In my preparation days, when I covered any topic, say, SICI, I would feel very confident in it. It felt great when I was able to solve some typical questions also because my mind was fully engrossed with the concepts of that topic. However, after a few days, if a question from that topic popped up in any mock or peer-learning group, I would struggle to solve up. More often than not, I would not be able to recall it. That’s when I felt the need to have a learning diary/revision diary.

So, I made a learning diary and noted down the following, especially for each topic of Quant.

What should be there in the revision diary?


For each topic of the quant section, I noted down all the important formulas and went through those every now and then. While solving any question in the peer-learning group, if I got stuck because of the formula, I would quickly resort to my learning diary. It helped me reinforce the formula in my memory.

Important/Typical questions/concepts:

Some concepts are hard to grasp, no?

Yes, there are a few concepts for which we don’t get the logical approach most of the time. So, I noted down such concepts topic wise in my learning diary. I made it a point that I would revise them once a week so that I can retain those concepts. And it helped me immensely.

Read: Why are my mock scores not improving?

Digital Revision Diary:

Besides the learning diary, I also made word files for each topic in which I saved the important/typical questions from the mock tests. I also revised those questions from time to time. It helped me retain important concepts in my mind.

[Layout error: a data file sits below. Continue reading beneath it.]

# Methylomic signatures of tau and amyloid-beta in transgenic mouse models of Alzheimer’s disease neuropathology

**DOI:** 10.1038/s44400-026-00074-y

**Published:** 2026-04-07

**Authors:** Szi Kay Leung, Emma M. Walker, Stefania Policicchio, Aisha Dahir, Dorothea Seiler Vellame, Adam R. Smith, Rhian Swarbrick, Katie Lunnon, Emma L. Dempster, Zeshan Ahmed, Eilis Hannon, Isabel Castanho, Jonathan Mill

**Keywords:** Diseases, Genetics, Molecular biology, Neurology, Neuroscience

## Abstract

Advantage of the Revision diary:

  • You don’t have to solve all the questions on any topic again and again. You can just go through the formulas and typical questions to recall the whole chapter. And to be honest, you can’t afford solving TIME material for all the topics again in September.
  • It saves a lot of time that may be wasted in searching for a specific formula or topic.
  • The learning diary can enable you to revise the whole Quant section in a few hours.
  • Most importantly, you won’t panic feeling that you have forgotten everything that you learned.


For LRDI and Verbal, I mainly had the typical questions/topics saved in the MS word file.


To conclude this post, I request all the aspirants, especially those who say that they forget the concepts after some time, make a learning diary, and keep revising the concepts from time to time.

Isse “Aage Paath Piche Sapaat” nahin hoga 😛

One Pro Tip:

Be active in Facebook Peer-Learning groups. In these groups, doubt questions from all the topics are posted. So, you can solve the mixed problems. It will flex your brain muscles and help you remember the concepts of all the chapters simultaneously.

Read: CAT preparation strategy for the last four months

Related articles:

  1. How Should I Prepare For The CAT Exam?
  2. What Are The Best Books For Cat Preparation?

  3. How Should I Prepare Quant For CAT?

  4. My Maths Is Weak, How Should I Prepare Quant For CAT Exam?

  5. How Do I Develop The Reading Habit?

  6. How Should I Prepare VARC For CAT?